By Paula Maute

In a fiery speech at Harvard University Tuesday night, Rev. Jesse Jackson called for "bold new leadership" in America and criticized the current political process for producing morally bankrupt leaders afraid to fight for social and economic justice.

Speaking for nearly two hours at the John F. Kennedy Center for Politics, Jackson advocated a redistribution of America's wealth from the corporate elite to the working poor. He called for an increase in the minimum wage, economic equality for women, economic investments in slums, and building more affordable housing.

Jackson described the recent presidential campaign as an "impoverishment of American politics," and criticized both President George Bush and Gov. Michael S. Dukakis for conforming to the "bland" images and policies prescribed by pollsters and political advisors.

"One hundred days later ..." Jackson said, referring to Bush's first three months in office, "there are no bold new initiatives" to fight urban crime, "no alteration of the Willie Horton furlough plan ... no anti-apartheid plan ... no aggressive Middle East plan ... [and] no bold response to glasnost or perestroika," Jackson said. But, "one hundred days later," Jackson continued, Eastern Airlines is still floundering, the contras are receiving more funding and the savings-and-loans associations have been "bailed out".

Bush was elected because he appealed to the status quo, and furthered his campaign with racist and sexist fears, according to Jackson. The disenfranchised and many others were alienated from the political process.

"Public cynicism won more votes than [President] Bush did," Jackson claimed, adding that "50 percent of eligible [voters] didn't bother to vote" in November. And, in an apparent attack on Dukakis, who defeated Jackson in the Democratic primaries, Jackson said, "In 1988, it took a lot of effort to lose. The challenge to liberalism went undefended." Dukakis' campaign managed to "survive the primaries without promising anything to anyone," Jackson said.

The liberal tradition represents collective bargaining, child labor laws, abolitionists, social change, civil rights and women's rights, according to Jackson. In contrast, he added, conservatism represents slave masters, monopolies, imperialism and big business. "I am a liberal," Jackson declared, "a liberator and change agent." That statement drew rousing applause from the standing-room-only crowd of about 600.

Jackson, a two-time presidential candidate and long-time civil rights activist, called President John F. Kennedy a "courageous" leader for supporting Martin Luther King Jr. in the civil rights struggles of the early 1960s. "To reach out to King when he was called a communist," was a courageous act, Jackson said. No present day political advisor would have told Kennedy to support King, Jackson said, because it would upset the status quo.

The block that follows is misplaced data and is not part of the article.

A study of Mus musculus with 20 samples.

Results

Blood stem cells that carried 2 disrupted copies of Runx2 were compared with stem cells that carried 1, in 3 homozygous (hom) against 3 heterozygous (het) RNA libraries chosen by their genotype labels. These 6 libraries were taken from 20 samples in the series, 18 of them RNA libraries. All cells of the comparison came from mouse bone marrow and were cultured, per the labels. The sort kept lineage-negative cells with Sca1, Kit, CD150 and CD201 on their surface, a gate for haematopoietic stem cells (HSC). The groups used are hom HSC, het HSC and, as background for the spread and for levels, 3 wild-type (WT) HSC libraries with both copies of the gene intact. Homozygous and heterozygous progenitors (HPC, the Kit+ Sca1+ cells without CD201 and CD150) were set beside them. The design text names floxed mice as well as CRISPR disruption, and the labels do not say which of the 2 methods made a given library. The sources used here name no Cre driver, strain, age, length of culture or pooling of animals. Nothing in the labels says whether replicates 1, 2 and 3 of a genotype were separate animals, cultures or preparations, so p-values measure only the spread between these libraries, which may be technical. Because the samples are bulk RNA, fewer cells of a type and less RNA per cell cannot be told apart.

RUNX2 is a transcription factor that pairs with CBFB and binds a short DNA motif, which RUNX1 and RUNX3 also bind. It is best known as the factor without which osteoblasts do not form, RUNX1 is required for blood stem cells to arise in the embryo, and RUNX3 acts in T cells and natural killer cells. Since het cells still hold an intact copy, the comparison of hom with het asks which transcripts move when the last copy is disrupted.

Economic struggle

"The struggle is about economic justice for American people," Jackson said. America's working classes provide the capital and labor that fuel the country, according to Jackson. But large corporations and the investment industry use this capital to invest in economic schemes that create more capital for the monied classes while draining the economic base of the poor.

Jackson urged people to think like "honeybees," about America's economic system. Honeybees buzz around and take nectar from flowers but they also deposit pollen, Jackson said, comparing America's slums to a flower. "Honey bees know if they don't come back" to deposit the pollen, "the flower will die." Money must be invested in slums or or they will die, according to Jackson. He described a slum as "any place without an adequate flow of capital."

Jackson proposed investing small percentages of public pension funds in housing, services and businesses in the inner city -- areas that need economic support. He also pushed for raising the minimum wage from it's current $3.35 per hour. "Most poor people in America work," Jackson said, but they have the lowest paying jobs. "They're not lazy, they work everyday," he said, but at minimum wage jobs as laborers, cooks, janitors, nursing aids, and clerical workers. Millions of American live in poverty, Jackson said, and the majority of them are women and children.